By Richard Fouts | June 19, 2013 | 0 Comments

Strategic Planningmarketing

More proof why customers rule in the digital age.

If you’ve ever participated in consulting engagements with management consulting firms (either as a seller or buyer) you know that transformation initiatives are pretty much led by what is good for the business. I remember during my tenure at Hewlett Packard when we hired McKinsey to reassess our go-to-market model. The decisions stemmed from why selling through partners, OEMs and alliances made good business sense – for HP, not necessarily the customer. Of course, we eventually backed the new model into a “voice of the customer” story, but  the going in position was how to reduce sales costs and increase coverage. Our mantra was, “If it’s good for us, it’s good for the customer.”

That’s all changed. Perhaps it’s the unstoppable trend that customers rule. Or maybe it’s even coming from the influence of digital marketing agencies that historically begin any engagement with customer experience (for example, agencies such as R/GA, Razorfish and SapientNitro are clearly taking share from management consultants in the digital transformation consulting space).

But what’s also really notable: digital transformation consulting engagements are being driven more by marketing executives (who are usually more sympathetic to customers than COOs or CFOs). Many marketing executives are also eager to continue their migration from chief marcom offiicer to chief marketing strategist, sensing digital transformation as a good “feather in the cap” initiative to lead.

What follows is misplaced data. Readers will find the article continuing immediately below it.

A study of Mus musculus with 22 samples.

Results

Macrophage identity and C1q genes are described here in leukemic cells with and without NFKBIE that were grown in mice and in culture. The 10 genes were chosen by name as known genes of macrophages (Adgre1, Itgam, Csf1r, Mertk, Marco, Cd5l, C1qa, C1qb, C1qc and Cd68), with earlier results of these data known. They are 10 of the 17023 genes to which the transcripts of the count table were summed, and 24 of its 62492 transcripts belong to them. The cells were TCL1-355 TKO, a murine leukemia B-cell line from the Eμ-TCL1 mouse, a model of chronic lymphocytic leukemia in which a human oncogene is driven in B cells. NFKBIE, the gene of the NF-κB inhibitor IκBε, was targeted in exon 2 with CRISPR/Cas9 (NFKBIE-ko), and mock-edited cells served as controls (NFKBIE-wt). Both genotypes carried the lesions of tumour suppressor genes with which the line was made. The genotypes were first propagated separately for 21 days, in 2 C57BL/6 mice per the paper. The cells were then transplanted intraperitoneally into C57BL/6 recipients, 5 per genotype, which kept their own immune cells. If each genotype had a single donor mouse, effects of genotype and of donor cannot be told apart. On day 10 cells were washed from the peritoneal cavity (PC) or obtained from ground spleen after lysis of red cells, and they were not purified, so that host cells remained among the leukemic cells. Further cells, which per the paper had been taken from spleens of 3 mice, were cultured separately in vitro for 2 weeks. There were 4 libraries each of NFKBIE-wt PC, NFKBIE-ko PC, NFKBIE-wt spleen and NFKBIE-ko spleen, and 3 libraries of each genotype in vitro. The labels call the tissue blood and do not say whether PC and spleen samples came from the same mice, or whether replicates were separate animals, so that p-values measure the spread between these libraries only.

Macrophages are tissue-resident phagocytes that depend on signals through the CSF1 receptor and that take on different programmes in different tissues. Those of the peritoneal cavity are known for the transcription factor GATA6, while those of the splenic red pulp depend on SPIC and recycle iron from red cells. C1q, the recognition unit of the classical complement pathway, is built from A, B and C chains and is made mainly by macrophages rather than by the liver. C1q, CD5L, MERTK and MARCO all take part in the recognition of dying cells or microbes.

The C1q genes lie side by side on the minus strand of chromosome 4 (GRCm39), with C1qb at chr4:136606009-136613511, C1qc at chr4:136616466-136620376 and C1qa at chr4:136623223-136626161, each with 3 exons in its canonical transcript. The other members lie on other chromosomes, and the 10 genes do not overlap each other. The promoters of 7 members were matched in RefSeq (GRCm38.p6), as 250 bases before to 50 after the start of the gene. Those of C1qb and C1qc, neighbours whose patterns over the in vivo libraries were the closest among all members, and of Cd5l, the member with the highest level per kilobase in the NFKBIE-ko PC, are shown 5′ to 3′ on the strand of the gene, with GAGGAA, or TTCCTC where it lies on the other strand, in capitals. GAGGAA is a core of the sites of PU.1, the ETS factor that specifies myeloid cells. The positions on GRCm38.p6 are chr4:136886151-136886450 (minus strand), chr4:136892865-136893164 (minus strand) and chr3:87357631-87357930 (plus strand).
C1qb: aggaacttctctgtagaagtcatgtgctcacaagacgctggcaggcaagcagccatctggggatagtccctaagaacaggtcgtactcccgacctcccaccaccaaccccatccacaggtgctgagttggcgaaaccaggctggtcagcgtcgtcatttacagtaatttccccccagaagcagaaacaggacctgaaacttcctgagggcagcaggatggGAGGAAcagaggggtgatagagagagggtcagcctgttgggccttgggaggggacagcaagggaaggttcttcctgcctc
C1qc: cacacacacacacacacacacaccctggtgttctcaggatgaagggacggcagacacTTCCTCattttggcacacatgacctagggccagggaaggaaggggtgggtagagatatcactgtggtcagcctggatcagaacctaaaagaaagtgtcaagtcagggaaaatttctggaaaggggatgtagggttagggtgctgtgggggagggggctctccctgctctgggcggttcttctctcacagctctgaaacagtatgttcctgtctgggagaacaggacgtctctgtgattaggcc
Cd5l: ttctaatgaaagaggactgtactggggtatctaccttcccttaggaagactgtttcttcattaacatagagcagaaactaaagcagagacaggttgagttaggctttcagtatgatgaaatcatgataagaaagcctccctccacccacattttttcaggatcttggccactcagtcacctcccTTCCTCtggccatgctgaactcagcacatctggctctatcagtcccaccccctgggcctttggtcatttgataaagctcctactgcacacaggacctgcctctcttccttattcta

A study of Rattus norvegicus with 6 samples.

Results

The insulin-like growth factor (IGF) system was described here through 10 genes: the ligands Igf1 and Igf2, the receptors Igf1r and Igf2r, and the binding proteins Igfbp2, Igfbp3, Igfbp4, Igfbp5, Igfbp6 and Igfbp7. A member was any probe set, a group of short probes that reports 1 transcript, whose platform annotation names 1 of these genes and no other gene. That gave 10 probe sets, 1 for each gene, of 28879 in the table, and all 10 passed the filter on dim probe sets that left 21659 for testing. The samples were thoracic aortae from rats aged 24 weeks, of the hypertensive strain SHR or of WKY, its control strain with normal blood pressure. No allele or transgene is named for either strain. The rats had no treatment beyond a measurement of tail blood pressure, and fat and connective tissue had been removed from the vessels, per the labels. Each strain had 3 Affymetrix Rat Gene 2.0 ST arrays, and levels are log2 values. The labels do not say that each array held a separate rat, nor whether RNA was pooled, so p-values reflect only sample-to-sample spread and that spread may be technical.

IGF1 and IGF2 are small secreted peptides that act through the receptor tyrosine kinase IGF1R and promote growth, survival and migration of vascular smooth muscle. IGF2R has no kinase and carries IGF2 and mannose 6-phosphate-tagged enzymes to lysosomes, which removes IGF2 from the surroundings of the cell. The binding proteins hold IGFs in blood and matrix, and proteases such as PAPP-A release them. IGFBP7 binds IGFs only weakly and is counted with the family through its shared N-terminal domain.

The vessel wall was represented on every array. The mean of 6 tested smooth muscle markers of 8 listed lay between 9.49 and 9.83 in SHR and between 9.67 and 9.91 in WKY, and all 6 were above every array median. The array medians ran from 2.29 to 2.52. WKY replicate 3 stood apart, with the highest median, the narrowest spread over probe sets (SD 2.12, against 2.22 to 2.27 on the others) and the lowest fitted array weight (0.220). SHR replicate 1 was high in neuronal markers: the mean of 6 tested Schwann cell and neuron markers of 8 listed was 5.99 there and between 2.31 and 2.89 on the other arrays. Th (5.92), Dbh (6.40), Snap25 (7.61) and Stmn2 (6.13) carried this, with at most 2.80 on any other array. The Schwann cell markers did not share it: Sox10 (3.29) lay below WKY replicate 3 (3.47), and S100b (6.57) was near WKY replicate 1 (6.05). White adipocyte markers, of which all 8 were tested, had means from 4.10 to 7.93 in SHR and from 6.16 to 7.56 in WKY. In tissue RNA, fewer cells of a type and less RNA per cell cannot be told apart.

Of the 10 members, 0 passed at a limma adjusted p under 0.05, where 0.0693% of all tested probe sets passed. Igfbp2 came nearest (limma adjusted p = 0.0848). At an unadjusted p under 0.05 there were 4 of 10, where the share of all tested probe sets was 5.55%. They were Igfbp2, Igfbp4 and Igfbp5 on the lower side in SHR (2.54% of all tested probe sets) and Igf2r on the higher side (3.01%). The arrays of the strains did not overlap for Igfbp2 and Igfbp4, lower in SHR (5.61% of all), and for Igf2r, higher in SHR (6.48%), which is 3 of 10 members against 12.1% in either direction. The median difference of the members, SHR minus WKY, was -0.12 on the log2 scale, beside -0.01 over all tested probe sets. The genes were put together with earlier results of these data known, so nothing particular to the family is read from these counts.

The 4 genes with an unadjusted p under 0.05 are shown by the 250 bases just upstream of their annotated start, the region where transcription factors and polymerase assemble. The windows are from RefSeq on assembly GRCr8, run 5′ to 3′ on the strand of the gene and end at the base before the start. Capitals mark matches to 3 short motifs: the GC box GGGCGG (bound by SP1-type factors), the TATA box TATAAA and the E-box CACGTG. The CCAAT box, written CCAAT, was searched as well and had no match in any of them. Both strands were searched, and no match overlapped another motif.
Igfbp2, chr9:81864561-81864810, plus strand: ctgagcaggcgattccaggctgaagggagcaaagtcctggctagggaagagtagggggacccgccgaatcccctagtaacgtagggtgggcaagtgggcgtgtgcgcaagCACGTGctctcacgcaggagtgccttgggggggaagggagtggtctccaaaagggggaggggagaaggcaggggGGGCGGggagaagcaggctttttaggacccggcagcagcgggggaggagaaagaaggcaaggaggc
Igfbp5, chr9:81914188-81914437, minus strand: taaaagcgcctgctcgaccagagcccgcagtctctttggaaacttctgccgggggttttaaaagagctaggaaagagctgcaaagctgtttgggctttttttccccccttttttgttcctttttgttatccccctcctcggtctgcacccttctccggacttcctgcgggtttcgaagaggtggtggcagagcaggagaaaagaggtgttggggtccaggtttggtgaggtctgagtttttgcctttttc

Whatever it is, driving digital transformation engagements with a vision for customer experience is becoming an accepted consulting technique, even amongst management consulting firms.

For example, when Thomson Corporation engaged The Parthenon Group to reassess its go-to-market decisions, it took a page from the Proctor & Gamble playbook, known for following consumers around stores and observing them in their kitchens. Thomson decided to try the idea out, realizing they didn’t really know as much about their end users as they should.

The exercise later become known as “three minutes” which combines observation with detailed interviews to learn what end users are doing three minutes before they use a product and three minutes after. The approach was so illuminating (the simplest ideas often are) that it evolved into a front-end customer framework in its third, possibly fourth generation. A majority of Thomson’s 32,000 plus employees have been educated in its principles. In fact, Thomson now estimates that 70% of the products and services in its businesses been developed through front end, customer-experience-driven approaches.

The sources of revenue has changed dramatically of course – 80% of the company’s revenue comes from digital (revenue that is also unusually repeatable, predictable, and profitable). A dollar of revenue now yields twice the operating profit it did ten years ago. It’s a good reminder that at the end of the day, customers are paying the bills.